Diabetes myths debunked

Think you know everything about diabetes? Think again! There are quite a few misconceptions out there about the disease. There are several types of diabetes—Type 1, Type 2, and gestational—and each have different symptoms and causes. You can educate yourself about these myths to help combat the misconceptions.

Here are three common myths about the disease that have been debunked by the American Diabetes Association (ADA).¹ For a complete list of diabetes myths, visit the ADA’s website.

Myth 1: If you are overweight or obese, you will eventually develop Type 2 diabetes.

  • Being overweight puts you at a higher risk of developing the disease, but there are three other risk factors that should be considered: family history, ethnicity, and age.
  • Most overweight people do not develop Type 2 diabetes, and many people with Type 2 diabetes have a normal body weight or are moderately overweight.

Myth 2: Eating too much sugar causes diabetes.

  • Type 1 diabetes is a genetic disease, while Type 2 diabetes is caused by a combination of genetics and lifestyle factors.
  • Sugar can cause weight gain, and as mentioned above, being overweight increases your risk for developing Type 2 diabetes. Whether you have diabetes or not, eating sweets, chocolate, or other foods with a high sugar content should be done in moderation.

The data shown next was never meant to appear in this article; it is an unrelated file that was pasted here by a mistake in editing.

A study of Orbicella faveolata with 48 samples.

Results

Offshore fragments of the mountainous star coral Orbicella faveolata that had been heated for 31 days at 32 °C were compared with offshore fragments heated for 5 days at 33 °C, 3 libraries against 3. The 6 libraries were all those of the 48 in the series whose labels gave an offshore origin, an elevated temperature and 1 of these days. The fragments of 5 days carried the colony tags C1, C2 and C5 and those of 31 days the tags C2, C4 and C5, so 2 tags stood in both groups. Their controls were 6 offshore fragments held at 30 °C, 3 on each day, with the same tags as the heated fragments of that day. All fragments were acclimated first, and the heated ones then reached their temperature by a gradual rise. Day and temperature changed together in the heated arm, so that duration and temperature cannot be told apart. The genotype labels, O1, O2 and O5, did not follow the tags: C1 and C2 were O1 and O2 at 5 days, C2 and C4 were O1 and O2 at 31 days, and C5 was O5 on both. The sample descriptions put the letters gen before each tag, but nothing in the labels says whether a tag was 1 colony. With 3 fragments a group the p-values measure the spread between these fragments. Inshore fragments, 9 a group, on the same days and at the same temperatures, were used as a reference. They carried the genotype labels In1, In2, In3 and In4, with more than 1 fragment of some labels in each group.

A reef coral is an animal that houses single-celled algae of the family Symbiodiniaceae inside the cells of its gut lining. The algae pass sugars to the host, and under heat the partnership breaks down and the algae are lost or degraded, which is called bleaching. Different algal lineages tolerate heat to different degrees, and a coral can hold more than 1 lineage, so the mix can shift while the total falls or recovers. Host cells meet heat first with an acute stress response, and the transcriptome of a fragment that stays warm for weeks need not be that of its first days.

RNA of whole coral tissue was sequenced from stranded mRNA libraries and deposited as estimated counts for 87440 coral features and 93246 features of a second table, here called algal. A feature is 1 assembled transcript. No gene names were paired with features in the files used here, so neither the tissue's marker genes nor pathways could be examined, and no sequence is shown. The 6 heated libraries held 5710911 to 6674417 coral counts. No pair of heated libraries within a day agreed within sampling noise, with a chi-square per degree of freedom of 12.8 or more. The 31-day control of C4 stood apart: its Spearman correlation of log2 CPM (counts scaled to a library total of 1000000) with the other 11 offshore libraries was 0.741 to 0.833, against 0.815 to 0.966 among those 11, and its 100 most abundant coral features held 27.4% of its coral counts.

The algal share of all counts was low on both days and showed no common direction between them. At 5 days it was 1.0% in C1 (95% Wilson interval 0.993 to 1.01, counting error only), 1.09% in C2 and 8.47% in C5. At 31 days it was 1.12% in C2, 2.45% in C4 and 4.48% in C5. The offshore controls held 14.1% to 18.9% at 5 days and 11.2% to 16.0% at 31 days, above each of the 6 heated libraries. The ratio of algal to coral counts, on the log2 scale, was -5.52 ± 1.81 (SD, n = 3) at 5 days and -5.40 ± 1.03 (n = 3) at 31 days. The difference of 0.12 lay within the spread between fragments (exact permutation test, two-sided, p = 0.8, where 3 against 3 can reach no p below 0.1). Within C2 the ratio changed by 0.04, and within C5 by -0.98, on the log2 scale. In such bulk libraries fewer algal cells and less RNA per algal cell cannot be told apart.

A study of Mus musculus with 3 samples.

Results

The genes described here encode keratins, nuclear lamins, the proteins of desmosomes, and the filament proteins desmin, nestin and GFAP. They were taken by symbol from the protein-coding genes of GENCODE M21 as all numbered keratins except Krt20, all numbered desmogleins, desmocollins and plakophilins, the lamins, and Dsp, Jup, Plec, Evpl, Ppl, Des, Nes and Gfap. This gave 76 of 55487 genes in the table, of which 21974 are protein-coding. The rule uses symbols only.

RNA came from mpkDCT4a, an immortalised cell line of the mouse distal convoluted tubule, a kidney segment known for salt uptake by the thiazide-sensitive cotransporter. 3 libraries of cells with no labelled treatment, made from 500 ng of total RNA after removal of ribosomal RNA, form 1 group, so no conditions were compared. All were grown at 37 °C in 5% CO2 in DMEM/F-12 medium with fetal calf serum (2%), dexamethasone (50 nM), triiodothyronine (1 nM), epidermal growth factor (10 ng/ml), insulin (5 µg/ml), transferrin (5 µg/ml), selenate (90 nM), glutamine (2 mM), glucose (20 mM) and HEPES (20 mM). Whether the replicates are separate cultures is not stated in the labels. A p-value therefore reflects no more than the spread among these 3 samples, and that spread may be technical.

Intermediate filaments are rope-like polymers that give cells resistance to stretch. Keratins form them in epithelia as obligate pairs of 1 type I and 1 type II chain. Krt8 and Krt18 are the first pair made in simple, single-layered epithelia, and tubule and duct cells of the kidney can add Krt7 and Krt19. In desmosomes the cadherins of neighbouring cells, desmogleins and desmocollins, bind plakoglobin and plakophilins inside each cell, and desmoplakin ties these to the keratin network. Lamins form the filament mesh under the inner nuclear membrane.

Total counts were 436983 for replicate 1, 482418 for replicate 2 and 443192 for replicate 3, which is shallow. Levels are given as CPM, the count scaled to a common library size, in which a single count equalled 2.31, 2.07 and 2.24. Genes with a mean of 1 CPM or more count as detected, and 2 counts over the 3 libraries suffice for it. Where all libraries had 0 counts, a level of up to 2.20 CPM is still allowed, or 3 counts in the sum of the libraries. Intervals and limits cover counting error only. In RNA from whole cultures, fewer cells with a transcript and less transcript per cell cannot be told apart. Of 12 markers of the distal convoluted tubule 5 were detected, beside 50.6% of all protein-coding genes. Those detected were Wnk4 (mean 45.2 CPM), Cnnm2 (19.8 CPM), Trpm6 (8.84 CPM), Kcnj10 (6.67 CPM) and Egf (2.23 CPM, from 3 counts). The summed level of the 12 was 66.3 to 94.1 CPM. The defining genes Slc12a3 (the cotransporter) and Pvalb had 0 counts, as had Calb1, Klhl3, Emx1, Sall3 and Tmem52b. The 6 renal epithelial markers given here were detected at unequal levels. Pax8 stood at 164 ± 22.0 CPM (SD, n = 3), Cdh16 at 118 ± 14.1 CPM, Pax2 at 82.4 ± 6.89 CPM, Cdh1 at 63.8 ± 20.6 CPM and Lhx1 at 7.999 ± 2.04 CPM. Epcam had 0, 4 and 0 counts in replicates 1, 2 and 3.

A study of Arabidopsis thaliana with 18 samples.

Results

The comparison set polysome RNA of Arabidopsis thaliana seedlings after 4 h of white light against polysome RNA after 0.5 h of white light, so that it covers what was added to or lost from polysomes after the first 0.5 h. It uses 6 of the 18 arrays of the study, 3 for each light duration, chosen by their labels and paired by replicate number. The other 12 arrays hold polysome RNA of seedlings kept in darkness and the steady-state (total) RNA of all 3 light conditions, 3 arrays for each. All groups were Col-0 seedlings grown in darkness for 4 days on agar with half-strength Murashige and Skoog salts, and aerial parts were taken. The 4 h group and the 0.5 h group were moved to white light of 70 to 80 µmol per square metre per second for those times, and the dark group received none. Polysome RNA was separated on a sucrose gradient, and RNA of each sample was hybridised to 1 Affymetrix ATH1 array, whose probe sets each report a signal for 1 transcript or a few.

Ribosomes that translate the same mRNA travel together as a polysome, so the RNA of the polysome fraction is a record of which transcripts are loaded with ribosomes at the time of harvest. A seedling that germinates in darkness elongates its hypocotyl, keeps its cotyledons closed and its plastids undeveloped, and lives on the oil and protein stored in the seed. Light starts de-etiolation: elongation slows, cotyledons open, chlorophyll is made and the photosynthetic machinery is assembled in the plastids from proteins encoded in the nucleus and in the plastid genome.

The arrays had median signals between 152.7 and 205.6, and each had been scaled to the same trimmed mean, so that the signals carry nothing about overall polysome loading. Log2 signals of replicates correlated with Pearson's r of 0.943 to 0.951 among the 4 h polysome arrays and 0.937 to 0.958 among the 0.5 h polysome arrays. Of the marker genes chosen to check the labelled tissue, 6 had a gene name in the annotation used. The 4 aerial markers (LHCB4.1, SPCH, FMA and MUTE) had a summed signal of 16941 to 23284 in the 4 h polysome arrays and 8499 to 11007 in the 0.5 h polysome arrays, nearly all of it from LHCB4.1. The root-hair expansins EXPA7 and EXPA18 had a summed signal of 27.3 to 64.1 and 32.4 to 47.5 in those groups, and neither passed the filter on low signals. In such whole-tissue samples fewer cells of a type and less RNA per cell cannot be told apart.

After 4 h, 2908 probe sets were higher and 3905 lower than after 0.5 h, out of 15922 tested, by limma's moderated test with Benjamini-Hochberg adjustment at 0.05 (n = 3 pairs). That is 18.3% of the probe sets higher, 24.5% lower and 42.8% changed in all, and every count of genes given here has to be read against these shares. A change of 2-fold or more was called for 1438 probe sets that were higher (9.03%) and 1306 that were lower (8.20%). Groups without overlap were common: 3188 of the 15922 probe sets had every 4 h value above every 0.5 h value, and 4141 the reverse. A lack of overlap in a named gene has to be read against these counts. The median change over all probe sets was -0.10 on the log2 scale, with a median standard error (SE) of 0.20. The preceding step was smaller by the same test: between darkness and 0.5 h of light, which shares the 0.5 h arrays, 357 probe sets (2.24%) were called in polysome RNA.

Myth 3: If you have diabetes, you should only eat small amounts of starchy foods, such as bread, potatoes, and pasta.

  • If you have diabetes, you can eat potatoes and whole grain breads, cereals, pasta, and rice in controlled portions. Work with your health care team, including a nutritionist or dietician, to understand how to develop a healthy meal plan that is moderate in salt and sugar and full of whole grain foods, vegetables, and fruit.

If you suffer from diabetes or know someone who is, staying informed can help avoid medical complications as soon as possible. Diabetes is a serious disease, so working with your health care team early on to best manage the disease is crucial.

1. American Diabetes Association, “Diabetes Myths,” accessed May 2014, http://www.diabetes.org/diabetes-basics/myths/.

Sources

American Diabetes Association, “Diabetes Myths,” accessed May 2014, http://www.diabetes.org/diabetes-basics/myths/.